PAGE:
A Brief Tour of the Universe
Robert P. Kirshner is Harvard College Professor of Astronomy and Clowes Professor of Science at Harvard University. He graduated from Harvard College in 1970 and received a Ph.D. in Astronomy at Caltech. He was a postdoc at the Kitt Peak National Observatory, and was on the faculty at the University of Michigan for 9 years. In 1986, he moved to the Harvard Astronomy Department. He served as Chairman of the Department from 1990-1997 and as the head of the Optical and Infrared Division of the CfA from 1997-2003.
Professor Kirshner is an author of over 200 research papers dealing with supernovae and observational cosmology. His work with the "High-Z Supernova Team" on the acceleration of the universe was dubbed the "Science Breakthrough of the Year for 1998" by Science Magazine. Kirshner and the High-Z Team shared in the Gruber Prize for Cosmology in 2007. A member of the American Academy of Arts and Sciences, he was elected to the National Academy of Sciences in 1998 and the American Philosophical Society in 2004. He served as President of the American Astronomical Society from 2003-2005. Kirshner's popular-level book "The Extravagant Universe: Exploding Stars, Dark Energy, and the Accelerating Cosmos" won the AAP Award for Best Professional/Scholarly Book in Physics and Astronomy and was a Finalist for the 2003 Aventis Prize.
So, for example, the speed of light is a foot, that’s a unit of distance, used here in the United States and I believe also in Myanmar. It’s a foot in a nanosecond, or a billionth of a second. So, you never see things the way they are, you always see the past. You always see light that bounced off somebody 10 nanoseconds ago, or in the back of a big room a hundred nanoseconds ago. When you go outside, you’re seeing light that was emitted – the sunlight that was emitted eight minutes ago, light in the solar system maybe up to an hour ago. And when you look at the stars, even the nearby stars, even the bright stars, the light has been traveling to your for tens of years, or hundreds of years, or even thousands of years. So, without a telescope you can see in the past a few thousand years. And what happened in the 1920’s was that people began to realize that the system of stars that we are in, which is the Milky Way; the Milky Way Galaxy we call it today, which we see as a band of light in the summer sky because we’re looking at this system, which is a big flattened system; kind of like a pizza edge on, except we’re a pepperoni. We’re on the pizza. And so our view of it is really quite awkward. We don’t have a good perspective of the Milky Way Galaxy. But we know now that it’s roughly speaking 100,000 light years in dimension across our Milky Way. So that means it takes light 100,000 years to travel across that span of distance. And that’s really just the beginning.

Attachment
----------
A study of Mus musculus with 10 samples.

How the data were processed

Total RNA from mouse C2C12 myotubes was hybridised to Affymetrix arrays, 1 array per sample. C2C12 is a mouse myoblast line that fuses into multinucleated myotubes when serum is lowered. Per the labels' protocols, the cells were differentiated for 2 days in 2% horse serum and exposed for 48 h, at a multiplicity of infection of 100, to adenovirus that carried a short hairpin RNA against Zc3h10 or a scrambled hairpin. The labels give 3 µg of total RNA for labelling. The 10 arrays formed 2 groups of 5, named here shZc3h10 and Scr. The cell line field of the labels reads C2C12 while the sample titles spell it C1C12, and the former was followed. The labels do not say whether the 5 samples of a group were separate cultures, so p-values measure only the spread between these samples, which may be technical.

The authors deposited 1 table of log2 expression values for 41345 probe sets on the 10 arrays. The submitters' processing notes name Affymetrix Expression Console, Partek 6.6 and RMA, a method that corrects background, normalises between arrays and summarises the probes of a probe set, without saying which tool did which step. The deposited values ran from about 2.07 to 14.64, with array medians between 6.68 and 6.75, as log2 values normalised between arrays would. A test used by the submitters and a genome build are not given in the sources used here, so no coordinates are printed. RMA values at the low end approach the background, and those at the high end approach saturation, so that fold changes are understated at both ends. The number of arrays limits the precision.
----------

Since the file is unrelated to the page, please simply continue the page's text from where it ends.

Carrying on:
What people discovered in the 1920’s was that our galaxy is just one of billions of galaxies out there. The distances between the galaxies are a few times their own diameter. So, if the galaxy is this big, then the distance to the next galaxy is kind of ten times the size of the galaxy. So, if this is 100,000 light years, the distance to the next galaxy is a few million light years. And that’s fairly accurate. The galaxy that you can see – there’s one galaxy you can see without a telescope, if you know where to look, with binoculars. And easy object in a small telescope, and that’s the Andromeda Galaxy, M31. And in the autumn sky you can pick it out. It’s kind of a fuzzy patch. What we know is that is as big a system as the one we live in. It’s as big as the Milky way; it looks like a little tiny fuzzy patch because it’s so far away.
And that’s really just the beginning. That’s our local neighborhood a few million light years away. It turns out that with modern telescopes and the best instruments and the better detectors we have today, it’s not that hard to see things that are a few billion light years away, or to measure the light from them anyway. So, that’s a thousand times farther away, it means the objects appear a million times dimmer. But what has changed over time is that we have big telescopes that collect a lot of light, and we have detectors that are nearly perfect at measuring the light and turning it into an electronic signal. So, very similar to the detectors that are in digital cameras and so on; they are made of silicon they work pretty much the same way, but we take long time exposures and we add up the data very carefully.
Anyway, we’re able to make this – the technology has enabled us to make this leap so that we can study the distant objects. And the reason why we want to do that is that the telescope is really a king of no nonsense time machine. It let’s you see the way things were in the past. Of course, it doesn’t let you see into the future. It only lets you see the past, but we can do that to distances of a billion light years, and even with some effort, to many billions of light years. And that’s important because the time since the beginning of cosmic expansion, since the beginning of the universe as we know it, the time of the Big Bang, we think is about 14 billion years ago. So the biggest distance that light could travel in that time is about 14 billion light years. And we can see things most of the way back. That means we’re not just guessing that the universe has changed over time. The universe has expanded over time; has it gotten elaborated over time due to the action of gravity pulling stuff together and stars making more complicated elements and all that stuff that’s happened over the past 14 billion years is not just a story, it’s a real history that we can observe.
Recorded on February 17, 2010
Interviewed by Austin \r\nAllen
What’s floating around out there in the cosmological zoo? The Harvard astronomer describes the major objects visible via telescope and the naked eye.